Thanksgiving 2015 was an important day for President Barack Obama. In addition to the traditional pardoning of turkeys, he did two other notable things.
He delivered a Thanksgiving message on Thursday comparing Syrian refugees to the Pilgrims who came to North America in 1620, noting that they were also fleeing persecution. “Nearly four centuries after the Mayflower set sail, the world is still full of pilgrims – men and women who want nothing more than the chance for a safer, better future for themselves and their families,” Obama said.
This weird mischaracterization deserves discussion, but it is the other of his Thanksgiving events that people most likely will not hear much about.
The previous day the President of the United States gave the American people a Thanksgiving gift, quietly releasing more than 2,000 new regulations that reportedly will raise the price of many common items. Furthermore, they come on top of a multi-year period of depressed economic activity left over from the 2008 recession that Obama’s policies have not relieved. Among this group of 2,224 new rules are 144 that are deemed “economically significant,” because each of them will cost the nation at least $100 million.
That group of 144 sets a new record, beating the previous high of 136 that Obama released last spring. With this sort of impact, you can understand why the Regulator-in-Chief prefers to utilize that fabulously popular political tactic of releasing bad news on a Friday, or on the eve of a holiday, so that other things will distract news organizations and the bad news will get buried by the holiday or weekend news.
Obama has used this technique frequently to hide similar releases, doing so right before a holiday seven times since Christmas of 2012.
One of the new rules is particularly notable for its importance to mankind: It mandates labeling of serving sizes for food that “can reasonably be consumed at one eating occasion.” In fact, the Thanksgiving agenda includes regulations covering a broad range of areas, from labeling requirements for pet food, new test procedures for battery chargers, mandated paid sick leave for contractors, and automatic speed limiters for trucks, to a dozen new rules limiting energy use, which will increase the cost of everything from furnaces and dishwashers to dehumidifiers, according to James Gattuso of The Heritage Foundation.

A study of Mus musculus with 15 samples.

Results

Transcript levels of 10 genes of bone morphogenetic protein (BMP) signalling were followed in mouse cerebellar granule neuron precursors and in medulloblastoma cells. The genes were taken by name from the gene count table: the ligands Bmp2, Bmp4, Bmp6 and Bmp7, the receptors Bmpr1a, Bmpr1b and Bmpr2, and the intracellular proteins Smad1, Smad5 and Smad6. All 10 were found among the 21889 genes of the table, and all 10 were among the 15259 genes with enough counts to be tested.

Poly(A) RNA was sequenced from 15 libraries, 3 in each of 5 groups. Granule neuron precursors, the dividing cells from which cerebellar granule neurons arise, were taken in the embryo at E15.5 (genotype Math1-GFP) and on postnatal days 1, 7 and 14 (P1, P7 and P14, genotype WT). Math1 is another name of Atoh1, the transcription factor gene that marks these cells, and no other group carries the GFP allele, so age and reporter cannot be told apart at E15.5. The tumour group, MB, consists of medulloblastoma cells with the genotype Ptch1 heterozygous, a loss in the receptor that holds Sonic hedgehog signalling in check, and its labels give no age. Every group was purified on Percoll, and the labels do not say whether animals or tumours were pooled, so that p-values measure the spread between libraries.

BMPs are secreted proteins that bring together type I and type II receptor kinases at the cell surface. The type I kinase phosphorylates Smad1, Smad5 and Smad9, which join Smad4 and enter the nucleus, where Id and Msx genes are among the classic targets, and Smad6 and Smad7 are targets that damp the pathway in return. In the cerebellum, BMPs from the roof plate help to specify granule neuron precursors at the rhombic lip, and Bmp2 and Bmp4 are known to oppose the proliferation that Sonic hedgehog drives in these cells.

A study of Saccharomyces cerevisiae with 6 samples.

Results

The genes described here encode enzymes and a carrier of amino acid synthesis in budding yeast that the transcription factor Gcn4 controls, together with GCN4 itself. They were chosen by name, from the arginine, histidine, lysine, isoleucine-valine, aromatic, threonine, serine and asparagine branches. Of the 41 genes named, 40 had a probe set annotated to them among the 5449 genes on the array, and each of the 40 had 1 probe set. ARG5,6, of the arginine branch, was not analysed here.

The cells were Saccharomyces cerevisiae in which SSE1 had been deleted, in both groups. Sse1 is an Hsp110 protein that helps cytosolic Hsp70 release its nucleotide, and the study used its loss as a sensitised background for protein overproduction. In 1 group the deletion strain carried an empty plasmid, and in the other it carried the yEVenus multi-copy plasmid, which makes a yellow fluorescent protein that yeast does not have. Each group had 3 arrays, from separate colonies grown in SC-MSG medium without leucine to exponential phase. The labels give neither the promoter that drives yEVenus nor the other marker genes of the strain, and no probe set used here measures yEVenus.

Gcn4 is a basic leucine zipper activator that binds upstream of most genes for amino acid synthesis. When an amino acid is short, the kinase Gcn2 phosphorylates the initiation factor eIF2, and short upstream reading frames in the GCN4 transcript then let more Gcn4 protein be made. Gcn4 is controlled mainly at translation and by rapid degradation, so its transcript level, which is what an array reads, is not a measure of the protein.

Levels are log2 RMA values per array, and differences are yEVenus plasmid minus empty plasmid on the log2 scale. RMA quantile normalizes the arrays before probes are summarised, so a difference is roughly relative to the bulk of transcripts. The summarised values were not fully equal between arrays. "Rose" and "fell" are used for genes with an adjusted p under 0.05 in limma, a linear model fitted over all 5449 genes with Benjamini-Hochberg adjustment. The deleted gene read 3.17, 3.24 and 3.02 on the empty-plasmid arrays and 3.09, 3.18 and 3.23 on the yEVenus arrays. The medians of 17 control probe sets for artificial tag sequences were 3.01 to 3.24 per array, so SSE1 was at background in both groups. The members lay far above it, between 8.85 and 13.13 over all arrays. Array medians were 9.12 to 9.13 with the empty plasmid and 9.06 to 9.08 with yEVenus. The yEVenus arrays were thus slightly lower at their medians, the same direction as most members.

While these rules are not yet finalized, if all of them are finalized it will bring the total cost of regulation for this year to $183 billion, according to the American Action Forum.
Barack Obama may lead all presidents in the number of regulations his administration has created. From January, 2009 when he took the oath of office through 2011, the Code of Federal Regulations increased by 11,327 pages, a 7.4 percent increase, which was more than double the annual increase of the previous decade. And of the six years with the most pages of regulations added to the Federal Register, five of them belong to Obama.
At the end of 2014 the Obama administration had issued nearly 21,000 new regulations, and 2015 has seen approximately 5,000 more. It is only fair to point out that while Obama leads the pack, every recent president has also issued stacks of new regulations each year.
Robert Longely, who writes about government for About.com, explains that “[f]ederal regulations are specific details, directives or requirements with the force of law enacted by the federal agencies necessary to enforce the legislative acts passed by Congress,” and that creating the “vast and ever-growing volumes of federal regulations … happens largely unnoticed in the offices of the government agencies rather than the halls of Congress.”
This means, of course, that regulations are created not by the legislative branch, as intended by the U.S. Constitution, but by thousands of faceless, nameless, unelected and virtually unaccountable bureaucrats in the executive branch, who also create penalties with the force of law.
If there is any good news here, it is that the Congressional Review Act (CRA) allows Congress 60 in-session days to review new federal regulations issued by the regulatory agencies. The CRA requires regulatory agencies to submit all new rules to the leaders of both the House and Senate, and the General Accounting Office provides information on each new major rule to those congressional committees related to the new regulation.
However, while the Congress has 60 in-session days to review and potentially reject any proposed rule, the sheer volume of material represented by 2,224 regulations means that only those major rules that will cost over $100 million will be reviewed. Therefore, most of these rules, the most harmful along with the least harmful, will likely become finalized without being adequately reviewed.
And by the way, just because the cost of a rule doesn’t exceed $100 million doesn’t mean it isn’t both expensive and harmful.
In America – whose foundational principles supported the creation of a nation of maximum individual freedom and a small, efficient and non-intrusive federal government – how many regulations and laws are enough? History teaches that unless there is a substantial change of attitude very soon, we are nowhere close to ending the growth of stifling and destructive regulations.